Foreign Objects Left Inside You!


According to the New York State Court of Appeals, yes it can.  In the case Walton v. Strong Memorial Hospital, left inside a surgical patient’s heart, was a four inch long piece of catheter, which was not discovered for over 20 years.  The Court decided that this qualified as a foreign object under New York’s medical malpractice statute.

In a unanimous decision, the Court revived a medical malpractice action that had been dismissed by an Appellate Division panel on the basis that the catheter was a ‘fixation device’ and had been intentionally placed inside the patient’s heart during the surgery to correct a congenital malformation.

The Appellate Division ruled against the patient, Adam Walton, because the case concerned what they deemed to be a ‘fixation device.’  Since it was considered a fixation device, Walton’s lawsuit should have been filed under CPLR 208 within 10 years of the failure by medical professionals to remove the entire catheter.  Therefore the statute of limitations ended on May 30, 1996.  Walton did not bring his action until November 2009.

The Court of Appeals disagreed.  They stated that the proper statute of limitations in this case fell under CPLR 214-a, which applies to foreign objects left inside the patient by accident, such as sponges, scalpels, and clamps.  Under CPLR-214-a, the patient has a one-year statute of limitations from the discovery of a foreign object to file a medical malpractice lawsuit.  In this case Walton did not discover the catheter in his heart until December 2008 and his lawsuit was filed in November 2009, making the suit timely.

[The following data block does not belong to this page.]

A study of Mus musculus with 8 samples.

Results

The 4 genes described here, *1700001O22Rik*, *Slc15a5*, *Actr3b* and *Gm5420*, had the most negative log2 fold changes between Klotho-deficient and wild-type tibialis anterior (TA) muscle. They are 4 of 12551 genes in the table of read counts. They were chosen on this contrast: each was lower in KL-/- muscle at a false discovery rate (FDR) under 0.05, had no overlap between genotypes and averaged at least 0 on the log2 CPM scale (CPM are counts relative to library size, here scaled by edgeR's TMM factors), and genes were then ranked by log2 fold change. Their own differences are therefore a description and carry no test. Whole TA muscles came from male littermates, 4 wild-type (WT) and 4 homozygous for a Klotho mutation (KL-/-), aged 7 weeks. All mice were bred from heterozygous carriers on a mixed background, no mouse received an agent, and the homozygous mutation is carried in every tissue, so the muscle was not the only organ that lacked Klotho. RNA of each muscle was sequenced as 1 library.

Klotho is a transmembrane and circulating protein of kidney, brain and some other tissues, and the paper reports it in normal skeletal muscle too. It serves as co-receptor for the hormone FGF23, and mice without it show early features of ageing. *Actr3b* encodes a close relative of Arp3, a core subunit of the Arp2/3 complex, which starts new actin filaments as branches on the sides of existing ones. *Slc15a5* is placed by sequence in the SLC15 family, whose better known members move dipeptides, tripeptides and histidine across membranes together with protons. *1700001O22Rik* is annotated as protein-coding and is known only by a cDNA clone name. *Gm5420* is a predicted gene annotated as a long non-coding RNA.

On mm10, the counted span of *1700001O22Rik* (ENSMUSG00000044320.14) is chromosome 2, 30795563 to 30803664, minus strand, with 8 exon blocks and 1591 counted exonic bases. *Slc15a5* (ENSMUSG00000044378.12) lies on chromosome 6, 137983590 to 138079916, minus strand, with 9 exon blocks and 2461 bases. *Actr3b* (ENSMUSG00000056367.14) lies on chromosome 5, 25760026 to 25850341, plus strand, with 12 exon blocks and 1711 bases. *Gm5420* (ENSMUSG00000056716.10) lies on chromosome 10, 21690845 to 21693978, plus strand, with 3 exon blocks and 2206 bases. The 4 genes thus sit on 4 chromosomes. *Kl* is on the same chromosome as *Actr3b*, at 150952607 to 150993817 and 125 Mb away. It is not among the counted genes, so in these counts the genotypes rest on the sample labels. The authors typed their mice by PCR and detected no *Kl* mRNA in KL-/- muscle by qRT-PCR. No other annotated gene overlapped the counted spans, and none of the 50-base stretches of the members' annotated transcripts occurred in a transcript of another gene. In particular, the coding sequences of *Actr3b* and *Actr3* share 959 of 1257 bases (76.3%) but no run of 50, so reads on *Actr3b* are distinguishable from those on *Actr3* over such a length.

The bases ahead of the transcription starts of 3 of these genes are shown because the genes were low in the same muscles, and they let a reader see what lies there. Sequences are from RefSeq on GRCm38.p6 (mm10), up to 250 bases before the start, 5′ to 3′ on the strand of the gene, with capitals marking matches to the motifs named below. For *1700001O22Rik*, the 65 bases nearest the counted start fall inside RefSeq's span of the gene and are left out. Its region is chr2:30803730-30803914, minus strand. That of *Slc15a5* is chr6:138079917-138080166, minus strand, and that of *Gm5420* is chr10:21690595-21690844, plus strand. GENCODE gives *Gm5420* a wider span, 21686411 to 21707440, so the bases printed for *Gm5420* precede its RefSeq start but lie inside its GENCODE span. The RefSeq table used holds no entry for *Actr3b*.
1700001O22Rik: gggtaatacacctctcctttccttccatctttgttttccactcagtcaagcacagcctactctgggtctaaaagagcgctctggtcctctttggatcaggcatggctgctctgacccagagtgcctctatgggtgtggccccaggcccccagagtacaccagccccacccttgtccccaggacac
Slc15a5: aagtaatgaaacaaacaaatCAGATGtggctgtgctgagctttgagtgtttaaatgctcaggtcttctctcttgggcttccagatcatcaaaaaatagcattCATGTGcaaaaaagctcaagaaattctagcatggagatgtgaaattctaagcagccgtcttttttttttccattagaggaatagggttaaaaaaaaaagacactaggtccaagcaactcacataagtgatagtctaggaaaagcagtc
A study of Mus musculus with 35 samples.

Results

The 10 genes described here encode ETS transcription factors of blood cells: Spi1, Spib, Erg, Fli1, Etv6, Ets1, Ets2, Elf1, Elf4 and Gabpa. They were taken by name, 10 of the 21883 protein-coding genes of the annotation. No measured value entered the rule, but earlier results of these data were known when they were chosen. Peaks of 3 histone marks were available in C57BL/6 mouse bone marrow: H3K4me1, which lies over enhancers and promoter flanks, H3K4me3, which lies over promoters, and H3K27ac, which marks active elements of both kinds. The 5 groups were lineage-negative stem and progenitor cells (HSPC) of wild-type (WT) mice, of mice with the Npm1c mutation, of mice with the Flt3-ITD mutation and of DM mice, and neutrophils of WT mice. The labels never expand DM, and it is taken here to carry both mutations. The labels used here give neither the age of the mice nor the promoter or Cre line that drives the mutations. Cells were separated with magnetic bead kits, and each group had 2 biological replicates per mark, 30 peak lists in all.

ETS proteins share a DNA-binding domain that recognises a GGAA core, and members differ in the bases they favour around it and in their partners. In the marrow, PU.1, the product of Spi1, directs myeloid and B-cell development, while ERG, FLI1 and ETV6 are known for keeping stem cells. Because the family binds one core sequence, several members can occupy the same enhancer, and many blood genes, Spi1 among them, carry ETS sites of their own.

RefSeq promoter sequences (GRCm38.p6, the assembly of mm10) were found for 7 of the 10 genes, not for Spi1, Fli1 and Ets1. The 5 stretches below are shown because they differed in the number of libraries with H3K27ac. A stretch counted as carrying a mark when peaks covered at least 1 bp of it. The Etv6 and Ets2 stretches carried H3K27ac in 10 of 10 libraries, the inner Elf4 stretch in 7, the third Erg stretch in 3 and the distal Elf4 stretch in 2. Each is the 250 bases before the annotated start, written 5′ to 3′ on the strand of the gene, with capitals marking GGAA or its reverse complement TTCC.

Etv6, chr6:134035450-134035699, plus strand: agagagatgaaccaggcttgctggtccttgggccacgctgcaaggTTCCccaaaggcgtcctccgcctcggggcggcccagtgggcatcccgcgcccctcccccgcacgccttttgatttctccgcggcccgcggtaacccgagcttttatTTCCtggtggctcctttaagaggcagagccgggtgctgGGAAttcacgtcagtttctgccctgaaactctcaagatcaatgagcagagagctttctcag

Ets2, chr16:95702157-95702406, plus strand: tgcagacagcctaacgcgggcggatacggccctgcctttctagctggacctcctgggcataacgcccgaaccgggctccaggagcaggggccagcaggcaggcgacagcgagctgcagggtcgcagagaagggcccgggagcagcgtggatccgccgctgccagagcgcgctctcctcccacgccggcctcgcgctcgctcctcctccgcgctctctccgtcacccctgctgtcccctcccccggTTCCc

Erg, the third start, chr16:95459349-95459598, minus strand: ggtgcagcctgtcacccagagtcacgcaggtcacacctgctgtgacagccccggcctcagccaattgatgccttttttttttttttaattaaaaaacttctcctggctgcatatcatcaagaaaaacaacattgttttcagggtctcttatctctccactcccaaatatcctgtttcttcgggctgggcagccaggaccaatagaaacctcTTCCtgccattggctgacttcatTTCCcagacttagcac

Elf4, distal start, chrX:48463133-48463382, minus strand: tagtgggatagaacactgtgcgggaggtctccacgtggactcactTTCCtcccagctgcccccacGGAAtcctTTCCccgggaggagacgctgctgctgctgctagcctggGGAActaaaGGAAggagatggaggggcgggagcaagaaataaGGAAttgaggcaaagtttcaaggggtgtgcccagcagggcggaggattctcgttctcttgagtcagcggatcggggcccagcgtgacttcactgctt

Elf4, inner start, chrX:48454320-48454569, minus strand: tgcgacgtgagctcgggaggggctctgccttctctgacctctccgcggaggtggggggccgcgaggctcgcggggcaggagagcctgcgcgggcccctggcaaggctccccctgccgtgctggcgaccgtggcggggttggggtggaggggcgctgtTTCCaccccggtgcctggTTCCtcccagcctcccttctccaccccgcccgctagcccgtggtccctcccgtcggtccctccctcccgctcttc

Expert testimony presented by Walton indicated that the catheter was placed in the patient to allow hospital personnel to monitor his heart’s atrial pressure immediately after the surgery.  Three days after the surgery, the hospital attempted to remove the catheter, as well as wires and drainage tubes that had been placed inside Walton’s body during the operation.  Hospital records show that personnel were aware that a piece of catheter may have been left inside Walton’s heart after it had broken off.  Doctors decided to leave it inside the patient, deeming it harmless or because his condition was fragile and they could not risk trying to remove it.

Based on this evidence, the Court determined that the piece of catheter was obviously a foreign object, not a fixative device intended to be left inside the body under the CPLR.  There was no purpose served by the catheter, and therefore it was not a fixation device.